By: Judy McMeekin, Pharm. D., Associate Commissioner for Regulatory Affairs, and Anand Shah, M.D., Deputy Commissioner for Medical and Scientific Affairs
Throughout the pandemic, the U.S. Food and Drug Administration has found many nefarious actors seeking to exploit consumers during the pandemic by selling unproven medical products often with fraudulent claims. The emergence of fraudulent medical products is a common phenomenon during crisis situations. For example, in 2013, the FDA issued 10 warning letters to firms selling unproven medical products with false or misleading claims to protect against influenza. In 2014, 7 warning letters were issued for unproven and fraudulent Ebola products.
The FDA is well-equipped to rapidly identify and thwart medical product scams to protect consumers. The Office of Criminal Investigations (OCI), the Office of Enforcement and Import Operations (OEIO) and the Health Fraud Branch within the Office of Regulatory Affairs (ORA) work collaboratively with colleagues in the FDA’s medical product centers and the Office of Chief Counsel as well as other government agencies such as the U.S. Customs and Border Protection and the U.S. Department of Justice.
Once COVID-19 reached the U.S., the FDA received complaints from U.S. consumers about unproven cures, illegitimate test kits, and substandard or counterfeit respirators being offered for sale on the internet, and the agency identified thousands of new “high-risk” internet domain names that were registered in early 2020. To proactively identify and neutralize these threats to consumers, the FDA launched Operation Quack Hack in March 2020.
Operation Quack Hack leverages agency expertise and advanced analytics to protect consumers from fraudulent medical products during the COVID-19 pandemic. Building upon our previous experience with illegal online pharmacies, a team of consumer safety officers, special agents and intelligence analysts triage incoming complaints about fraudulent and unproven medical products. Where appropriate, complaints are sent to other agencies or to FDA centers for additional review, or are referred for a warning letter, civil action, or criminal investigation. In some cases, following a preliminary investigation, the Operation Quack Hack team sends an abuse complaint to the domain name registrars or a report to online marketplaces. These abuse complaints and reports are intended to notify companies that may not have been aware that their platforms were being used to sell an unapproved, unauthorized, or uncleared medical product during the COVID-19 pandemic.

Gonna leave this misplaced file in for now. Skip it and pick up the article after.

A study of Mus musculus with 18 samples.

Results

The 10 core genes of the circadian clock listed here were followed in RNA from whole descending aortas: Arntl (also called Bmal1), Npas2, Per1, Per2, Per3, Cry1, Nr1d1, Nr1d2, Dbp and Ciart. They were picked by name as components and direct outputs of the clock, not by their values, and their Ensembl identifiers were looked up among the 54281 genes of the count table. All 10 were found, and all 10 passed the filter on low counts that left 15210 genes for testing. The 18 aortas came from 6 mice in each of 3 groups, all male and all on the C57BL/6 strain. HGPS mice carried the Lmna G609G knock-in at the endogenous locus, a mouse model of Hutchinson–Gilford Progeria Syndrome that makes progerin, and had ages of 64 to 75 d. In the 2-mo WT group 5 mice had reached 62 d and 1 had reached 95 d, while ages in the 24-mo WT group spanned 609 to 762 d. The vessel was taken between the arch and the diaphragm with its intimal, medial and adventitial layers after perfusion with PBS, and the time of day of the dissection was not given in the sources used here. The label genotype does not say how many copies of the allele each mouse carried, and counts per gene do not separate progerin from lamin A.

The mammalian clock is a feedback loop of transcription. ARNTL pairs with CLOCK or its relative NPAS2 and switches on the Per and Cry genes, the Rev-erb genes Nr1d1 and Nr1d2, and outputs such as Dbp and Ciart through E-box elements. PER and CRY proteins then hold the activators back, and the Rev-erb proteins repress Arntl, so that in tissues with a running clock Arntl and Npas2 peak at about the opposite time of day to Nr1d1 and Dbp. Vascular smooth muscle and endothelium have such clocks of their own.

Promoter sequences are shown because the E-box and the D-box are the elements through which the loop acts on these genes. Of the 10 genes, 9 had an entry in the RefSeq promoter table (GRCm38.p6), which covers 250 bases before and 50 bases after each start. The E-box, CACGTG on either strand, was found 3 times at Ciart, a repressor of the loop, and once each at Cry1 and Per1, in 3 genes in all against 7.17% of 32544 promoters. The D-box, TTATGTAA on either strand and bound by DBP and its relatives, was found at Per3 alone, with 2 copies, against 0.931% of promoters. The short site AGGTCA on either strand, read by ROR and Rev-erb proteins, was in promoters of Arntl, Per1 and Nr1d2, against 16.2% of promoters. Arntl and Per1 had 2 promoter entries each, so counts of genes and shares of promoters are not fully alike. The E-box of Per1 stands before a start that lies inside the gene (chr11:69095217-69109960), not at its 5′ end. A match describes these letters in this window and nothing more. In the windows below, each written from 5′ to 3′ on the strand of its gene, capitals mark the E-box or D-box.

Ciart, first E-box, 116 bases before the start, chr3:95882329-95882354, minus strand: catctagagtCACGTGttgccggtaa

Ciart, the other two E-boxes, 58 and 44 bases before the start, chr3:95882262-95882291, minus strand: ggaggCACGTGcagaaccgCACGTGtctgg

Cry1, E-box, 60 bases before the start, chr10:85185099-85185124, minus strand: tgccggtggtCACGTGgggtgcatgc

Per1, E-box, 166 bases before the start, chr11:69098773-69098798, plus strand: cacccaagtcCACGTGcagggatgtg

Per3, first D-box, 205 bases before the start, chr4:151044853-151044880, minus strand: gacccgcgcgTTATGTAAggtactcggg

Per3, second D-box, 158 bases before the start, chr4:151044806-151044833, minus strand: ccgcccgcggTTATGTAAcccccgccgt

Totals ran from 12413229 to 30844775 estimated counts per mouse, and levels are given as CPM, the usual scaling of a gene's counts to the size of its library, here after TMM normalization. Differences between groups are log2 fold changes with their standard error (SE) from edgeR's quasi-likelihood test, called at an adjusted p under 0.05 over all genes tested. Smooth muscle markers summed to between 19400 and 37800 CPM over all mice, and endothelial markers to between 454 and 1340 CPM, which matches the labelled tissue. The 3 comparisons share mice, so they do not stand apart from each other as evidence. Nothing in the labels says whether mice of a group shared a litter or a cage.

As of June 2020, the FDA has identified more than 700 fraudulent and unproven medical products related to COVID-19. The Operation Quack Hack team has reviewed thousands of websites, social media posts, and online marketplace listings, resulting in over 90 warning letters to sellers, more than 150 reports sent to online marketplaces, and more than 250 abuse complaints sent to domain registrars to date. Operation Quack Hack initiatives have led domain registrars to investigate and take down numerous websites illegally selling unproven products and retailers to remove hundreds of unlawful products from the marketplace.
The website “https://corona-cure.com” sold a nasal spray for the prevention of COVID-19 infection. Operation Quack Hack detected the website, identified evidence that it sold products with false or misleading COVID-19 claims, and the FDA issued a warning letter to the vendor requesting corrective action within 48 hours, leading the website to be taken down.
Another example is the “Covid-19 Rapid Test Kit,” which Medakit Ltd.’s website stated is a rapid COVID-19 test kit that could be used at home and would provide results within 15 minutes. The FDA observed that the seller’s website offered a fraudulent and unproven product and sent a warning letter to the seller.
Effective consumer protection also requires proactive consumer education. The FDA has developed a number of resources on steps consumers can take to protect themselves from fraud. The agency has also launched several new communication initiatives, such as the podcast FDA Insight to help inform consumers about the latest medical and scientific developments. Finally, the FDA encourages patients and health care providers to report websites and others that may be illegally selling fraudulent or unproven products to the agency using a portal on the FDA website, which is available in both English and Spanish.
From monitoring the supply chain, to acting to minimize drug shortages, to overseeing the food supply to reduce the risk of illness, the FDA is committed to promoting consumer safety during COVID-19. The FDA’s consumer protection work is a cornerstone of our mission and a critical component of our pandemic response efforts.